Letters to the editor: Aug. 29, 2017

On Aug. 15, Gov. Greg Abbott signed House Bill 214 into law. Even in case of rape or incest, women will now have to pay an extra premium for abortion coverage — rape insurance. Because of course, each woman plans her abortion, as all women plan their rapes, and take proper precautions. A world where this is etched into existence by the four white men who authored the bill — who have never had to face the reality of aborting their perpetrator’s fetus — is a world I have no words for.

Yesterday, further down the American continent, Chileans cheered for long-awaited legalization of abortion in the case of rape, threat to the mother’s life or an unviable fetus. Texas continues to shrink behind the world, left in a hateful, violent dust. Abbott, thank you for championing so clearly your hatred for women and our safety.


During an already heated summer here in Austin, events in Charlottesville and across the country have sparked protests and counterprotests that appear to be on the rise. Before we fill our calendars with these protests, it’s import our nation considers the ramifications of this strategy to discuss glaring issues in our society.

In a forest fire, firefighters sometimes use a controlled line of fire to consume surrounding fuel sources. Fighting fire with fire. However, this sometimes backfires, creating a larger inferno more dangerous than the original. As tensions continue to rise with each protest, we must ask if counterprotesting is a solutions-based strategy or gasoline on a hate filled fire?

While it may seem necessary to react to every fire we see, maybe we need to regroup peacefully and fight the causes of injustice before they are ignited. Pre-empt rather than confront. Proactive rather than reactive. Love rather than hate.


Re: Aug. 19 article, “Confederate rally in Austin moved to later date.”

Dear Sens. John Cornyn and Ted Cruz, and Rep. Lamar Smith:

Please denounce the racist violence and anti-Semitism in Charlottesville. We have a Dixie Freedom Rally scheduled to take place in Austin on Sept. 23. Although they say no racism will be tolerated, they are encouraging guns at this rally. As you know, swords will be legal to carry in Texas soon.

I want to leave you with these words from Albert Einstein: “The world is a dangerous place, not because of those who do evil, but because of those who look on and do nothing.”


There are only two choices in renaming that street.

You can either rename it Donald Trump Way or Heather Heyer Lane. It is your choice.

The residents of Austin can decide which one would better represent our community — that is, unless of course the Texas Legislature passes a law that municipalities like Austin are not competent to make those kind of local decisions.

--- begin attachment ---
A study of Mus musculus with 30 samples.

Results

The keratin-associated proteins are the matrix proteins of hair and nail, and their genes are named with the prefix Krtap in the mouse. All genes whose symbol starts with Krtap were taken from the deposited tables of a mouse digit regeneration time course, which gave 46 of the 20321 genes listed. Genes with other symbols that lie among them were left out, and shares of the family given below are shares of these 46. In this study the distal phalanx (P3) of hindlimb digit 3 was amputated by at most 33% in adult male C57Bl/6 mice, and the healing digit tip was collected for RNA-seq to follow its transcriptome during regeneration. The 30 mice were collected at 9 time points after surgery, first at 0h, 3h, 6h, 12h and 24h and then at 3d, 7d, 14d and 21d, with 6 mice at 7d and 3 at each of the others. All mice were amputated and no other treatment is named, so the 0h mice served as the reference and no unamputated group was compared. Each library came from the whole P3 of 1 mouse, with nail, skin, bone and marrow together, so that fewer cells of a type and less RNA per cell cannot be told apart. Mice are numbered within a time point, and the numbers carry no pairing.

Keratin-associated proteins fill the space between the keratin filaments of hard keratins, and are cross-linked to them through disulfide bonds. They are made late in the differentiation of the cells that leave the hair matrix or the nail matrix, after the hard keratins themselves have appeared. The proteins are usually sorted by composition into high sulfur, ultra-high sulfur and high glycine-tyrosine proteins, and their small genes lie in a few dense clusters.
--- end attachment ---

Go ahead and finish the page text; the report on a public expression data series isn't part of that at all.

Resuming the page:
As a white German-American, it is hard for me to imagine exactly how an African-American feels when walking past a statue honoring a confederate war hero. However, I can clearly imagine how a Jew would feel if they were compelled to walk past a statue of Goebbels or Hitler being honored in a public square in Germany.

For obvious reasons, such statues are not erected in Germany — and for similarly obvious reasons, statues honoring the fight to sustain slavery should not remain in public spaces in the United States!


Re: Aug. 18 article, “In tweets, Trump digs in on Confederate icons.”

Donald Trump asked an honest question when he asked about the difference between statues that honor Washington and Jefferson versus those that honor Lee and Jackson and the Confederacy.

Here’s an honest answer: Washington and Jefferson built a place called the United States of America, where the dream of equality under the law for all people might one day be realized, even if not in their own lifetimes. Even if not in their own homes.

Lee and Jackson tried to destroy that place to make sure that the dream could never be realized. This simple truth is obvious to anyone whose vision is not clouded by conservatism, which has become an empowering refuge for those who still seek to ensure that the dream remains only a dream.


If the liberals want to emulate their role in “1984” and erase history that they don’t like, then let’s go full Taliban and take down all the statues of people made famous through racism: Barbara Jordan, Martin Luther King Jr., and Cesar Chavez.

No streets named after them, no statues, no nada. Because if the criteria for removing history is “it might offend someone,” well, I’m offended.


Congratulations on your excellent coverage of Dawnna Dukes’ outstanding representation of her constituents in House District 46. They should be congratulated for their ongoing support of Dukes. She has had a bit of bad luck these past few years. Bless her heart.

She will set the record straight as soon as our overbearing justice system can provide a convenient time for her trial. We all know that she is the victim of our expecting too much of her time as she recovers from her medical challenges. We all know that racial bias is the main cause of her dilemma. Shame on us for such behavior. I suggest that an expensive statue be commissioned after her acquittal of all counts against her. Further, I think it should be placed prominently on the Capitol grounds in hopes of making future historians aware of her great works in our state.